Travel Book Suggestion: 'Overbooked' Reveals Dark Side of Travel Industry
Travel is so damn exciting that it can often blind us to the harsh realities it bestows on both global and local levels. While we certainly believe in the positive that results from travel in terms of personal gain for individuals and, to a point, monetary gain for destinations, no one should be ignorant to the major political and economical agendas that surround the world of travel and the impact it has on communities within countries. In her book Overbooked: The Exploding Business of Travel and Tourism, Elizabeth Becker investigates the effects of the world's top industry, both positive and negative, but mostly focusing on the latter.
Through personal experiences and interviews, she sheds light on topics ranging from the detrimental effects the cruise industry has on the environment and how it has ruined the authenticity in cities (and how they get away with it through political loopholes) to the booming segment of Chinese travelers that will essentially determine the future of tourism. She takes a hard look at some of the world's leading countries in terms of tourism, analyzing what they're doing right and what has gone wrong, including how France has remained an example to follow and how much trouble Africa has had preserving its natural parks.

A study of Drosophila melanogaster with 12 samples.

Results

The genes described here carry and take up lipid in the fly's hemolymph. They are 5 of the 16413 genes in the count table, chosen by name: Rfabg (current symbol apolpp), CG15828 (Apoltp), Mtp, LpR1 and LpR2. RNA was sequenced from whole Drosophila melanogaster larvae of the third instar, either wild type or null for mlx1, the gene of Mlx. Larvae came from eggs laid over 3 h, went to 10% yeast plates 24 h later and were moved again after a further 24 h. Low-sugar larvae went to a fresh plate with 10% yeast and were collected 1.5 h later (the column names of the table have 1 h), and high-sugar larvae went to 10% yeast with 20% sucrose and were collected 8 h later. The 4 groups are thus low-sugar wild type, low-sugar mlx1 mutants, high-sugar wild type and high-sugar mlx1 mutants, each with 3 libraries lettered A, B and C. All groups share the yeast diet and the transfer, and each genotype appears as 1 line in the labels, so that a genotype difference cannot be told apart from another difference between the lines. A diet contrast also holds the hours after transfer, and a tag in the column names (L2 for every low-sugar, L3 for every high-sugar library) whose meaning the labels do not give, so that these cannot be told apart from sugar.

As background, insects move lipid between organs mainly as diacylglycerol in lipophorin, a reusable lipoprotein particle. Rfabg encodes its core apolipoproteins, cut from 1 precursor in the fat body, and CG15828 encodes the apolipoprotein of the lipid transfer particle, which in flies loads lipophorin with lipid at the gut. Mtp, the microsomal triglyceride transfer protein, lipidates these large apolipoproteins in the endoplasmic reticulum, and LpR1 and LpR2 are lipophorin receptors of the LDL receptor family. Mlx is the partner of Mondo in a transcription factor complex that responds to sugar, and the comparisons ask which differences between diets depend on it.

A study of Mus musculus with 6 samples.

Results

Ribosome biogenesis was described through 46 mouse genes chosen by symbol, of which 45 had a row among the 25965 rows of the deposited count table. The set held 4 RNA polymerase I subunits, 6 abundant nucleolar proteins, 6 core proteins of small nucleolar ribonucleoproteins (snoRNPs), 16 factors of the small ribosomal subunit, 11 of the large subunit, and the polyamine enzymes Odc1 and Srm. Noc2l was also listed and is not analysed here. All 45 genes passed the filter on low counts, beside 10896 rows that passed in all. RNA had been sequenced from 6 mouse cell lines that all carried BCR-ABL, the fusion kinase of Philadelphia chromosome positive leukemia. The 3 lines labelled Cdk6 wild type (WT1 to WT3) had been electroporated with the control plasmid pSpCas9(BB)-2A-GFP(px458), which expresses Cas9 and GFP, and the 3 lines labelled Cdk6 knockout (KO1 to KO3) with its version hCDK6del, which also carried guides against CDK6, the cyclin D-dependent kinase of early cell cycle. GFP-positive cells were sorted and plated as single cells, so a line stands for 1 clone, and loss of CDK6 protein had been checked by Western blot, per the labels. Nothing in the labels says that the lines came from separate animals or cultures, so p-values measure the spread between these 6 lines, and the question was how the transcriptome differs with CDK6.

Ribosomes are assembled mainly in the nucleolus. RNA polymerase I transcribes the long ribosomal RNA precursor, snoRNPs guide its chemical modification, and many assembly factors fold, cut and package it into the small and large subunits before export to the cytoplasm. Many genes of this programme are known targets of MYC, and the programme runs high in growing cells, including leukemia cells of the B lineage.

Becker's prose and approach is typically journalistic, so don't expect a ton of color or inspiring description, but the voice fits the mood of the subject matter in that sense, staying true to her overall point that travel tends to be glorified when it should be grilled.
This book won't necessarily make you want to travel less, but it may make you rethink your approach and how you spend your money. Because of that, we recommend it to all, as Becker makes it clear that ignorance within the travel industry will only remain bliss for so long. You can buy both new and used copies here.